You could broaden that to say I have a love/hate relationship with any in-person human interaction that doesn’t involve naked groping. If more writers’ groups had orgies on their agendas, I’d attend every meeting.
I’m an introvert by nature, so I tend to avoid human interaction like porn stars avoid expired condoms. I wrote romance for many years before my agent
commanded me lovingly advised me to join RomanceWriters of America (RWA). There may have been some kicking and screaming
involved, and not the fun kind.
As it turned out, I was wrong in my assumption that in-person interaction with other writers would be a painful endeavor. I enjoy the camaraderie and knowledge I gain from the monthly gatherings, and I learn something new at each meeting. Sometimes it’s writing techniques or social media strategies, and other times it’s the latest industry gossip. My little brain soaks it up like a sponge (and not the kind you take your pants off to use).
Unfortunately, a large mountain range separates my city of residence from my closest RWA chapter. Making the seven-hour round-trip journey is tiring in summer months, but downright treacherous in winter months when ice turns the roads into cliffside ice skating rinks.
I haven’t made the trip for months, and could feel myself slinking slowly into my introvert cave and gathering large boulders to block the entrance. When an RWA chapter-mate contacted me last week to say her family was vacationing on my side of the mountains and asked if I’d like to get coffee, I had a mixed reaction. I adore this particular author and love both her industry knowledge and her risqué wit.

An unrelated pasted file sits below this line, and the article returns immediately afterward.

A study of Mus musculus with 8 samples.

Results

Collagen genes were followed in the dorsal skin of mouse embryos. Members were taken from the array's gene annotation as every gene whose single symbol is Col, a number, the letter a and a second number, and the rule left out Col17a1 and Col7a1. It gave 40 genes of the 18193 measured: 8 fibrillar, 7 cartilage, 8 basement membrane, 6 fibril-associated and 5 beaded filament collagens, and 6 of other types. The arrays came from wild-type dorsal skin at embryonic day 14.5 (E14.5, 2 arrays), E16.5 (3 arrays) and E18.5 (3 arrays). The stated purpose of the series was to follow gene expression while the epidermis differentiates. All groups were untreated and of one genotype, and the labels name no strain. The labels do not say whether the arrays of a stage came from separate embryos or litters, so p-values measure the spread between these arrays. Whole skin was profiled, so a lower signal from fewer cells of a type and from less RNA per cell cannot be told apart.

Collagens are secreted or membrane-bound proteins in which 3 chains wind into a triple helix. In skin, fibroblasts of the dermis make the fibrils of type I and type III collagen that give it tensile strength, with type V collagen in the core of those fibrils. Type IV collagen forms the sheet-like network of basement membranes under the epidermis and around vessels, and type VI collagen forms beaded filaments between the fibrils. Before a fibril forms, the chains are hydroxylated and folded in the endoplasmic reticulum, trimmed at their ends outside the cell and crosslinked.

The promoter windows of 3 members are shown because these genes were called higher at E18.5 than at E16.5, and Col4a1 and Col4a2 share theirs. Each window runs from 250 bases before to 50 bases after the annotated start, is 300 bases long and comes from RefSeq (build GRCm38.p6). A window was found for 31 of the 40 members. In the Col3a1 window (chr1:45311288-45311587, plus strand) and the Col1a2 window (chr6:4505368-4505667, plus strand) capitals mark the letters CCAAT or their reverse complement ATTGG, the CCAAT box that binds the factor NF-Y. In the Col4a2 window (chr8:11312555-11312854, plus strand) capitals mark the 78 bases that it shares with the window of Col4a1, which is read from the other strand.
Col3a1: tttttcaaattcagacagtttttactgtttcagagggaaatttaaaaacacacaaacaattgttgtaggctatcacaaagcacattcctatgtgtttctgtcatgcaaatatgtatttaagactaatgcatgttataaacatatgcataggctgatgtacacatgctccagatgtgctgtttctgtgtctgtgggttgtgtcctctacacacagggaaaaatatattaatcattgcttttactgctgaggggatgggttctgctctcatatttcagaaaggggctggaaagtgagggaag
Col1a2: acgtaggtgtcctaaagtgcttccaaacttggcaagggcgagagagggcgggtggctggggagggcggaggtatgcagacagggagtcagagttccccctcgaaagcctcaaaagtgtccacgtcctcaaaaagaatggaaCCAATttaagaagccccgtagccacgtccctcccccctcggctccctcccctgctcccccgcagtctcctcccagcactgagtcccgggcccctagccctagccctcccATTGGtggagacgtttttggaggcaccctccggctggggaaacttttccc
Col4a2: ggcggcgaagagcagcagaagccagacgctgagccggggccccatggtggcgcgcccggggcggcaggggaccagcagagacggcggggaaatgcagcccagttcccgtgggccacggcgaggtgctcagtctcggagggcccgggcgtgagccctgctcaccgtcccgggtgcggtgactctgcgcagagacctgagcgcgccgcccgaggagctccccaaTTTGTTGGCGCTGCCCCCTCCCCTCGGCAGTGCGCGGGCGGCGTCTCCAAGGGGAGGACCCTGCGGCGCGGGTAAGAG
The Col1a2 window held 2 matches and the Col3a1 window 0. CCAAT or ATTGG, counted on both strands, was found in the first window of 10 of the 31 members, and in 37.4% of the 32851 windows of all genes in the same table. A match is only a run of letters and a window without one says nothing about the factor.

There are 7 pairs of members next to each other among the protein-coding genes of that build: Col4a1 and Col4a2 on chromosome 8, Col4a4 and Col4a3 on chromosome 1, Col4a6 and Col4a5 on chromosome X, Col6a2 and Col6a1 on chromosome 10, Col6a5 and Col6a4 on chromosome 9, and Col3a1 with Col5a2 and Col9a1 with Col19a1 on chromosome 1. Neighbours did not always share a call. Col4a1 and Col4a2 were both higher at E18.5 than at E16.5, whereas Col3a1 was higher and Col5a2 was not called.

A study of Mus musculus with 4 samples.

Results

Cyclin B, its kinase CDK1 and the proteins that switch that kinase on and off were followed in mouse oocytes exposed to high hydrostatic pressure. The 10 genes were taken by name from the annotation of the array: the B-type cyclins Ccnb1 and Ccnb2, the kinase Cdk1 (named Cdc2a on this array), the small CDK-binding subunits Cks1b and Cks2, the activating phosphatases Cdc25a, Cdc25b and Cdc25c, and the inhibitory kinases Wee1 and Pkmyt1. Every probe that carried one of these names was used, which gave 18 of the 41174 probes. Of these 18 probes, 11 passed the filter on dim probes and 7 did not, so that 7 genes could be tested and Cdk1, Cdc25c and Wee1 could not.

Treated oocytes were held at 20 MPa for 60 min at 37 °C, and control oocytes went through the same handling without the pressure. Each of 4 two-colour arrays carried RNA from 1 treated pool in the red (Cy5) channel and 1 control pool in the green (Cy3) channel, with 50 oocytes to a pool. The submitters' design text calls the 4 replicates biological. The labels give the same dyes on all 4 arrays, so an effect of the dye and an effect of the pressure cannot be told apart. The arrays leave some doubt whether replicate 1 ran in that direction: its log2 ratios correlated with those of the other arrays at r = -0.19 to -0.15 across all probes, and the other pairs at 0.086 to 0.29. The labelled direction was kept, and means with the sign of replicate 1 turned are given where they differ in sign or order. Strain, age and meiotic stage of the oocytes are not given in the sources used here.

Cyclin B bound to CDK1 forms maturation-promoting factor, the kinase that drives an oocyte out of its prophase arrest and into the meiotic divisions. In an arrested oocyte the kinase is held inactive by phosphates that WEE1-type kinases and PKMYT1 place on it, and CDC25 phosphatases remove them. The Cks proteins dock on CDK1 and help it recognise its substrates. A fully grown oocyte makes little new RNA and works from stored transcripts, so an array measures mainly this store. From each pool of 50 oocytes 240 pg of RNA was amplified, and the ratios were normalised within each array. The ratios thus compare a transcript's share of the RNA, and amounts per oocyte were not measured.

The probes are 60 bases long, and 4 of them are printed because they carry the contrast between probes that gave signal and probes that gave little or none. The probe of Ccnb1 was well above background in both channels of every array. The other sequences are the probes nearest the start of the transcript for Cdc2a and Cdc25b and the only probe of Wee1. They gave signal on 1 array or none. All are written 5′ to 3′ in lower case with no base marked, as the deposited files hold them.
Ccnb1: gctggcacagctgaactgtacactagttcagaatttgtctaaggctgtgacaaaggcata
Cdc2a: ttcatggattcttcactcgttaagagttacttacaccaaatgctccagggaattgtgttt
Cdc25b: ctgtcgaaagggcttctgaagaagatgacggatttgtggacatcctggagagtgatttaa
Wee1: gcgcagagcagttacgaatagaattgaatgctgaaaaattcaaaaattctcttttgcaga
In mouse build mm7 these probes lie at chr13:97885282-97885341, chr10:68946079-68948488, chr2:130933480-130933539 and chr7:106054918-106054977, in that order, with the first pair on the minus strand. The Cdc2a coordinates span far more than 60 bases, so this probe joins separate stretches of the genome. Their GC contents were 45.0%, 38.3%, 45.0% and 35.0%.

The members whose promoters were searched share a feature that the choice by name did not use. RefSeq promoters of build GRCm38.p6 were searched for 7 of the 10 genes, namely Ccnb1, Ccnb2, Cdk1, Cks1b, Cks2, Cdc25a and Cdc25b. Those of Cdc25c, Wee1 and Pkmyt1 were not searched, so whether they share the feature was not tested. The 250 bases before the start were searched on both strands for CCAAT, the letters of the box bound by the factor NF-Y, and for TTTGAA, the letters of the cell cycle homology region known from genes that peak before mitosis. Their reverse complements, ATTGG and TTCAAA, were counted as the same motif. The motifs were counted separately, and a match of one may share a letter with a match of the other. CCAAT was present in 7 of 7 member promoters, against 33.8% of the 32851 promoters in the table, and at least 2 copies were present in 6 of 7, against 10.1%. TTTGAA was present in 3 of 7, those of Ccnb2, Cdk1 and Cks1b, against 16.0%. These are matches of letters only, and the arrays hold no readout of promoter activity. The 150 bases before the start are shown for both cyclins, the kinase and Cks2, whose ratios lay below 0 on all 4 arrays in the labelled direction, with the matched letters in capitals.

But did I really want to change out of my pajamas and leave the house?
I decided I did. When I left three hours later, I slammed my head in the car door repeatedly and asked myself, “why the hell don’t you do that more often?”
There’s something about chatting with other authors that rekindles my passion for writing. Even brief conversations leave me quivering with new knowledge and ideas that empower me for my own career.
While it’s true I interact with other writers in online communities and I adore those relationships like a stripper loves nipple tassels that don't chafe, they're not the same thing.
Let’s face it—most authors (myself included) sugarcoat what they post online about publishing decisions, industry interactions, and dollar figures. Authors who don’t want to burn bridges won’t post on Twitter to lament the challenges of working with a particular editor. You won't see many writers taking to Facebook to detail their sales numbers and royalty figures.
But when you meet in person, people are less censored. And when that happens, you get a genuine sharing of knowledge and information that doesn’t happen in online writer communities.
You also get a different sort of camaraderie than you see online. The butt-pats are real instead of virtual, and that right there is worth changing out of your pajamas.
Do you participate in online groups or in-person meetings for your chosen profession (writing or otherwise)? What sort of interaction do you prefer? Please share.
And let me know if you hear of any of those writers’ groups that get naked and grope each other. I’m asking for a friend.